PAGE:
Wednesday, June 4, 2014

Flawed analogy watch -- Comcast edition

As if there weren't enough to dislike about this deal, we now have the CEO talking to us like we're morons.
Faced with difficult questions about his company’s pending takeover of Time Warner Cable — which would combine the two largest cable internet providers in the U.S. into a company consumers will likely hate twice as much — Comcast CEO Brian Roberts made one thing very clear: his company is determined to sit directly in the middle of the tech world. ...

That means it wants to preserve a gatekeeper role. In a series of analogies, Roberts likened his company’s role to that of a postmaster, pointing out that Netflix pays hundreds of millions of dollars to mail DVDs to its customers but now expects to be able to deliver the same content over the internet for free.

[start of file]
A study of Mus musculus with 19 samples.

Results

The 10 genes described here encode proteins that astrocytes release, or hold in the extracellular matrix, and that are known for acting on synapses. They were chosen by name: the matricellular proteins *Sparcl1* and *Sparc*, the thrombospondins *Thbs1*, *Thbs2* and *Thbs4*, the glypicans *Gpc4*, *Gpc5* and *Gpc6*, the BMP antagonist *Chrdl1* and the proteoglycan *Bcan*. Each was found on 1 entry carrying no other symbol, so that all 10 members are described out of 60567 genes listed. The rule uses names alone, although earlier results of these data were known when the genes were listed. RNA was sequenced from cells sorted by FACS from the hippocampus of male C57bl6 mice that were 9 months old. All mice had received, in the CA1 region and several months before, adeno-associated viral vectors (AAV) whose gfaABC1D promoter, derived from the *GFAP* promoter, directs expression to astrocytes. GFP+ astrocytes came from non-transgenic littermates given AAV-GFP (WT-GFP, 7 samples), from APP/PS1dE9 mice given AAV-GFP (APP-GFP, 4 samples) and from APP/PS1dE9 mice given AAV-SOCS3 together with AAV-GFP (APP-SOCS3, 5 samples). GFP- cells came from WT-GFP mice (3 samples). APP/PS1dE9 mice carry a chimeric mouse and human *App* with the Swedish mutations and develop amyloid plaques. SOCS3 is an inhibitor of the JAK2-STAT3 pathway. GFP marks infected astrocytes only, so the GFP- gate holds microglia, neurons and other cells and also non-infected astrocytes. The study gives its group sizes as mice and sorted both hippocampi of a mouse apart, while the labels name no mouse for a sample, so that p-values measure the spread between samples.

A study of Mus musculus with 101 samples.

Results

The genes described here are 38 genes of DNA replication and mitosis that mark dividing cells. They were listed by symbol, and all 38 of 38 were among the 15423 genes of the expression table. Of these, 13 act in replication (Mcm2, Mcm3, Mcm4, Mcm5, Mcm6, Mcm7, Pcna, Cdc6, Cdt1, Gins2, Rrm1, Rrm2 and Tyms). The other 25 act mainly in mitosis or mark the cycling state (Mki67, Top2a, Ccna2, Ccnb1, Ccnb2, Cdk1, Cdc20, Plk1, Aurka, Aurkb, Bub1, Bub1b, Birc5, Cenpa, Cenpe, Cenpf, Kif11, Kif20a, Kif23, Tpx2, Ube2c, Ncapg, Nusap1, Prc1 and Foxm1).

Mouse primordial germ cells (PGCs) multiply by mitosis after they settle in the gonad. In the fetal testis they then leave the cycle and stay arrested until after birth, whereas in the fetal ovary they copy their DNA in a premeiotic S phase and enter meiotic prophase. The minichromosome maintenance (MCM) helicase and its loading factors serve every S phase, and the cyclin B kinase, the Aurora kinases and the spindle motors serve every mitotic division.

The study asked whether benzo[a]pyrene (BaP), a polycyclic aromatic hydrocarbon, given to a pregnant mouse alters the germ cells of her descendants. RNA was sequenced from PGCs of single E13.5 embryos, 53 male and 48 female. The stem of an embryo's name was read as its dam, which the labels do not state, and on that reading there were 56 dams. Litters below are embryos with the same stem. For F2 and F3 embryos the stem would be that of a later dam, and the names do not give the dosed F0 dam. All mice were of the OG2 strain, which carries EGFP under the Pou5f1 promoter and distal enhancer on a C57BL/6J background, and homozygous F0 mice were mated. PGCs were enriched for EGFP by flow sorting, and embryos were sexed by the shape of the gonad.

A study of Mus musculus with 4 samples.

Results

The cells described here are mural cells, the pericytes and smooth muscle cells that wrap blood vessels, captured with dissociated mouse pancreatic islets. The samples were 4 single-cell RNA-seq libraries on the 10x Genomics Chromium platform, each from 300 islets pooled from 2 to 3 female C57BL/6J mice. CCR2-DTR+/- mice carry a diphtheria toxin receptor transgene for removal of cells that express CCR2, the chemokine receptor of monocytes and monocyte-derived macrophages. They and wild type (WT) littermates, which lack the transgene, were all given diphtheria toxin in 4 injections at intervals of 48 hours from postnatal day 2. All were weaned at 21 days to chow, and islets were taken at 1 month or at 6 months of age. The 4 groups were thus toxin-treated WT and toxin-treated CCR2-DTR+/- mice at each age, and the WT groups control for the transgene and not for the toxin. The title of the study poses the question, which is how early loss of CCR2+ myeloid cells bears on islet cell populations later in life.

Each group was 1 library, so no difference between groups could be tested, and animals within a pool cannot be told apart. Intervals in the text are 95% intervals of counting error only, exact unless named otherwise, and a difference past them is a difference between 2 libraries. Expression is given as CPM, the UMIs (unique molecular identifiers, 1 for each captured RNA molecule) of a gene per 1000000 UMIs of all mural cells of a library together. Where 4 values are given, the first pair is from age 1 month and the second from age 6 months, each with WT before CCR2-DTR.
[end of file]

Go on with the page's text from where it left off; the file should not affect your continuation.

“They would like it all to be free. I would like to not have to pay for cable boxes,” he said. Delivering bits over a pipe seems just a wee bit more cost-effective than paying the energy and labor costs of physical distribution, but Roberts didn’t get into that.
Where to start...

The most common model for deliveries is one where the sender pays the cost of shipping. A less common, but not unheard of model is for the receiver to cover the cost on delivery ("postage due"). ISPs basically operate under something similar to the second model. The receiver pays to get the digital packages, and pays more to get larger packages or to get them faster.

Roberts is proposing a model where both the sender and the receiver pay, which he thinks he can get away with because there is very little competition in the industry and because, based on this quote, he doesn't seem to think we're very bright.

1 comment:

  1. But it is already the case that both senders and receivers pay! I am sure that Netflix receives a regular bill from its ISP (or, if it has an in-house ISP, from the ISP it uses for transit and peering). What Roberts seems to want is to be able to charge Netflix even if Netflix is not his customer and even if Netflix's ISP is already paying (or peering with) Comcast for delivery of packets to Comcast's customers.